This used to be an HTML tutorial. Now it's recipes. Errm, why? I've swapped recipes over the Internet since I first got online: everyone has favourites. I can still remember the night my wife Sue turned up with a piece of salt beef and said, "cook this". I called mum. She didn't know what to do. Someone eight time zones away was online and replied to my post almost immediately with his favourite sauce. Mum, then aged over seventy, thought that was great.
The HTML tutorial was written several years ago. In order to convince people that everyone has some content that others might want to read, I used my mother's recipe cards as an example. If no one posts their favourites, there'll be no one to tell me what to do with salt beef. The layout looks and feels a bit dated, but my mother liked the way I'd used elements from the "recipe tin". I could improve on both the HTML and the images but I don't quite want to change any of it. I'll write a new web tutorial some time.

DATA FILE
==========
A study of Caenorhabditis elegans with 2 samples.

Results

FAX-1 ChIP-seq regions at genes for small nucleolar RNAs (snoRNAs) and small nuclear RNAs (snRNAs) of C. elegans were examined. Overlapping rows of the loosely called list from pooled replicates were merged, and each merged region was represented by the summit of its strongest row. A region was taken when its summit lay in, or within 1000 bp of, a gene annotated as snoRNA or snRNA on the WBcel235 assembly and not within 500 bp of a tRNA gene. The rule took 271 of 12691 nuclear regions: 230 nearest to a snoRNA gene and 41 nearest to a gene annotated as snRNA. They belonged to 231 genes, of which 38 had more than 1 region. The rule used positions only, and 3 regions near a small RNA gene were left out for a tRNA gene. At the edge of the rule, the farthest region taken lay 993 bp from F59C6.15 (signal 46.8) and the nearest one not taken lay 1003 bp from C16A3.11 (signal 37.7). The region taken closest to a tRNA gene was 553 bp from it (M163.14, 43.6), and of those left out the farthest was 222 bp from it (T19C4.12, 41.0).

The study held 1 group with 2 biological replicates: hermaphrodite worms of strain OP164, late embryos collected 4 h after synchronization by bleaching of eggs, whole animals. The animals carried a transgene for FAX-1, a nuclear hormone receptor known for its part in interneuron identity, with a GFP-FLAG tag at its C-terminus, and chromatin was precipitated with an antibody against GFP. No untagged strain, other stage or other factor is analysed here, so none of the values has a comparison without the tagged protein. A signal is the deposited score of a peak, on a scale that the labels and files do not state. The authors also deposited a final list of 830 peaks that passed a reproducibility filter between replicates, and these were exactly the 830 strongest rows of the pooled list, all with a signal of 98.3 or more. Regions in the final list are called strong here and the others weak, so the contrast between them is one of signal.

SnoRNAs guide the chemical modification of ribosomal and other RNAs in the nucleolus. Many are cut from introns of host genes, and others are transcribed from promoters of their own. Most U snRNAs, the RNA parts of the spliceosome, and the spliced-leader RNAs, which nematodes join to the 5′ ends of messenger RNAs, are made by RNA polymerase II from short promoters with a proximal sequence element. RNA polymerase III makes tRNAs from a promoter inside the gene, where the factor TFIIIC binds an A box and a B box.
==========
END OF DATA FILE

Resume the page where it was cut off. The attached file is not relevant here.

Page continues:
Mum used to teach domestic science (she trained at Atholl Crescent) and when she died, one of the few things I took from the cottage was the tin of recipe cards.
Maybe they're nothing special to anyone else, favourite cheap meals (we never had a lot of money), treats cut from magazines, comfort food I remember from when I was little. Treat it as an historical document; a snapshot of what a not-very-well-off British family ate in the nineteen-sixties.
Or cook some of the recipes. Remember the marvellous woman who served trifle and custard to my friends for New Year's breakfast; who was fascinated by the green pepper sauce with the Magret of duck on our last meal together. The mother who sent me over to measure every last d*mn thing my grandmother put in the custard tart, and still couldn't make it work. The lady who blagged the recipe for the prawn pithivier for me from the chef at the Hume, despite being allergic to seafood. Enjoy. Or don't. One thing she'd have hated would be to think of anyone eating something they don't like.